Oh, Woman-I-Haven’t-Met. I know your name. I know you are skinnier than me and your breasts are perkier. I also know that you have nasty scoliosis of your spine. The doctors have known that since last year.
I know these things about a stranger because the medical profession seems to be more concerned with processing records and getting the paperwork out the door than they are with the patients. Plans are underway for me to go to a specialist in Cleveland for “my” adult scoliosis, to see if it might have something to do with my mobility issues. Except that the x-ray included in the packet with my MRI prints is not me. I discovered that this morning, so I can’t even stop the referral process until Monday.
After seeing the x-ray in the neurosurgeon’s office, I was a little freaked out. I saw a very curvy spine on the light box across the room. Even with my iffy eyesight, I could see that it was bad. I was a little in shock. I’d been tested for curvature of the spine when I was in middle school, no curve, no signs of one potentially starting. When I’d been in a car accident at almost 30 which compressed my lower spine, I had full back x-rays done and no sign of scoliosis. Now, here I was looking at a badly curved x-ray with my MRI print films.
This morning, I wanted to look at them again. I have three packets of prints. The set of prints I brought in for my appointment on Wednesday was incomplete. The chunk of the MRI pictures that warranted the most comments on the analysis sheet wasn’t there, but the spine x-ray that made my heart sink into my stomach was. When I looked today, the full set, that had all the pictures that were on the CD I took home was there and that x-ray with the scoliosis had been moved to in the new packet. I pulled it out and looked at the crooked spine. When I unfocused from the S-shaped curve, I noticed something wrong. I’m not that thin! My breasts are bigger and not anywhere hear that perky! Then I decided I’d see if there was a test number to compare and make sure the prints were all from the same test. Better than a number for matching, my MRI prints have my name, age and the date of the test. The information on the scoliosis x-ray was dated last year and included all the personal things I know about Woman-I-Haven’t Met!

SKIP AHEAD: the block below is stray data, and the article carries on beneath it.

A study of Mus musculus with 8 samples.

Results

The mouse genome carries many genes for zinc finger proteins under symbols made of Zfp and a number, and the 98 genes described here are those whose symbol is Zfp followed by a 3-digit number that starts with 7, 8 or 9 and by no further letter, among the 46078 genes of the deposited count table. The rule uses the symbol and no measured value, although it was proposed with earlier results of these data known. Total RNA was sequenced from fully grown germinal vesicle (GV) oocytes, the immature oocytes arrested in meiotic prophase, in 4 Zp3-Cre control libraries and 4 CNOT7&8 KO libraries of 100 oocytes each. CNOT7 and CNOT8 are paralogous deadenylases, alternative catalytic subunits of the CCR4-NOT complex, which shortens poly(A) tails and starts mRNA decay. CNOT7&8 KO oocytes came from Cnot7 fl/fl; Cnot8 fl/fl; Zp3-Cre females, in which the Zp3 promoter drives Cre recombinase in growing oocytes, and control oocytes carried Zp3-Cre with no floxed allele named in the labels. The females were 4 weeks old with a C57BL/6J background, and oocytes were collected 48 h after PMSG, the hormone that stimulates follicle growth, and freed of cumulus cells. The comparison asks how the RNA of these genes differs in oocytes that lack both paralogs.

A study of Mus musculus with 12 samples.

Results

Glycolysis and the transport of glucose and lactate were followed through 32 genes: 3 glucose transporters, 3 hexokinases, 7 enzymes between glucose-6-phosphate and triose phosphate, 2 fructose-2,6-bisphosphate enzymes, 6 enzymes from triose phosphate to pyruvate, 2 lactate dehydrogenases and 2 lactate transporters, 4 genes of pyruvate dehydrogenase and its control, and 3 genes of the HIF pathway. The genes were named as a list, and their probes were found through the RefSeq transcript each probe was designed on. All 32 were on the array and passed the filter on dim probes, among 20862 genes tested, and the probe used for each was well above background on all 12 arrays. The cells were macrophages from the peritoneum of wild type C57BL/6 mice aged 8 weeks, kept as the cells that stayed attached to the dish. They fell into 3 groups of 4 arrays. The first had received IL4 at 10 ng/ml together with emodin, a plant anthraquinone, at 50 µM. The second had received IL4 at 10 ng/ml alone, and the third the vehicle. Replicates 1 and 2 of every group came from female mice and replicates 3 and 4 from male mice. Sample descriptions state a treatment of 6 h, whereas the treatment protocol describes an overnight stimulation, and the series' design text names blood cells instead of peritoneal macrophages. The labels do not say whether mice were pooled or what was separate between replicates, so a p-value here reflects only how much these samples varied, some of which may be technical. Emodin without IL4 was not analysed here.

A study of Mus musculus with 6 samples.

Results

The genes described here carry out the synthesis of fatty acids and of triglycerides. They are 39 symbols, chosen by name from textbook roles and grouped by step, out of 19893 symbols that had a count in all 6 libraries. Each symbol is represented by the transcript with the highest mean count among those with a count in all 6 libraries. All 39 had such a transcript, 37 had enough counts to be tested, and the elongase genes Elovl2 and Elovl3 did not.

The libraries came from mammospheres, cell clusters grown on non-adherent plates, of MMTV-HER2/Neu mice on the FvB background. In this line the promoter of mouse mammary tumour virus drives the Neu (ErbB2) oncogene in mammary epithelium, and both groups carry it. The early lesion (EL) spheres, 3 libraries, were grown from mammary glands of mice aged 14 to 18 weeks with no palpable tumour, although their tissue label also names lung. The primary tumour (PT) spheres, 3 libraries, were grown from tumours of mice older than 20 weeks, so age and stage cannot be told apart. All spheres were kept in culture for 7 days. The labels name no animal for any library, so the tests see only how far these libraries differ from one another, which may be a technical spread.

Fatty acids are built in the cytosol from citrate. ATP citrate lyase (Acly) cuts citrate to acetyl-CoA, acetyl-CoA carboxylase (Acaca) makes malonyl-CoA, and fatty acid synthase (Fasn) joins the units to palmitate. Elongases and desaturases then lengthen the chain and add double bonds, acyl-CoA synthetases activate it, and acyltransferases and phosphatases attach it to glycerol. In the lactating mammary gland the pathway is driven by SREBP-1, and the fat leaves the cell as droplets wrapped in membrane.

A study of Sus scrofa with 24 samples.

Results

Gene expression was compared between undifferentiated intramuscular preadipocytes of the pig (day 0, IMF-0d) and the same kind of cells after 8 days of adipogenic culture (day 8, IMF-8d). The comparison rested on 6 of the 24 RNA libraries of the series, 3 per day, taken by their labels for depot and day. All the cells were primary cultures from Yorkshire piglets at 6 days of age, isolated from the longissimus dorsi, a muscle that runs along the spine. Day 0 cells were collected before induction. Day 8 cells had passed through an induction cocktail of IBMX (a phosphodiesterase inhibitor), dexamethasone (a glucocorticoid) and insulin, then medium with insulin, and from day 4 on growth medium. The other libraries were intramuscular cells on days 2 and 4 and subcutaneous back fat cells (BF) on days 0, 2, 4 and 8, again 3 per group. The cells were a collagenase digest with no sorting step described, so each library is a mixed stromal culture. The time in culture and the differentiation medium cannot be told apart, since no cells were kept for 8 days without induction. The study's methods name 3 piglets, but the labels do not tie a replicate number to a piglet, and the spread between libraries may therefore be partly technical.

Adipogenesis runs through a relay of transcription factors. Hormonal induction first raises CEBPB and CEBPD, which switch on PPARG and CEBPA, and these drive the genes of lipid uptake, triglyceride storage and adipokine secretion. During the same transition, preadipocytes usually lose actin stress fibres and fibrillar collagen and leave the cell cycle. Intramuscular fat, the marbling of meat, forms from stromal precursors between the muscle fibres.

I don’t know what part of this infuriates me the most. When I got the MRI done, I asked for a copy of it on disk for my records and a set of the prints on film for my neurosurgeon and a copy of the results sent to my doctor. They told me that because it was done digitally, they didn’t do prints, but the CD would be the same thing. My MRI was the end of the day on Friday. I think perhaps Happy Hour and the weekend had more to do with them not doing prints than the scan being done digitally. I had even expressed that the MRI I had done in January was done digitally, but I had to get prints to bring to the doctor. When I called the hospital on a weekday, there was no problem ordering the prints.
The problem with ordering the prints after-the-fact was that they were incomplete and had someone else’s x-ray in them. I have no idea who got the rest of the prints from my MRI, but I have someone else’s confidential medical information and there is confidential medical information of mine “somewhere.”
So the hospital screwed up. They screwed up by lying to me about whether or not they “did” the prints that the neurosurgeon requested, then they screwed up by putting only part of my MRI prints and someone else’s x-ray in my envelope. Again, I have no idea where the rest of the prints from my test are. But hey, the neurosurgeon viewed them twice, including the x-ray, with me sitting there and didn’t realize it wasn’t an x-ray of me.
Slow down! Read things and double check. Healthcare is dealing with very private matters and with people’s lives. Patients aren’t stupid, I’M not stupid, but when I’m presented with a terrible misshapen spine and told it’s me when I already have bulging disks in my lower back and major mobility issues, I want to be able to trust that the healthcare people, the ones who make a lot more money for their time than I ever have, are doing a careful job. When you’re sick, or getting tested for something unknown, if you’re in pain or getting stuffed into an enclosed tube for an MRI, you’re not on your mental “A-game.” It should be no problem to expect that you can trust those medical institutions with your health and safety.
What I do know is that I had to have patient advocate paperwork that we’d had done by Grandma’s lawyer to ask questions and get information when Grandma was in the hospital and when one of my best friends was dying, I couldn’t ask for information on his condition without John’s sister’s okay. I’m not happy about having a stranger’s information or that anyone else could have mine.
Woman-I-Haven’t-Met, I hope your x-ray gets into your doctor’s hands and they can do something to help you. I hope that whoever got my MRI prints finds out they have the wrong ones before they start to treat or test further for something they don’t need.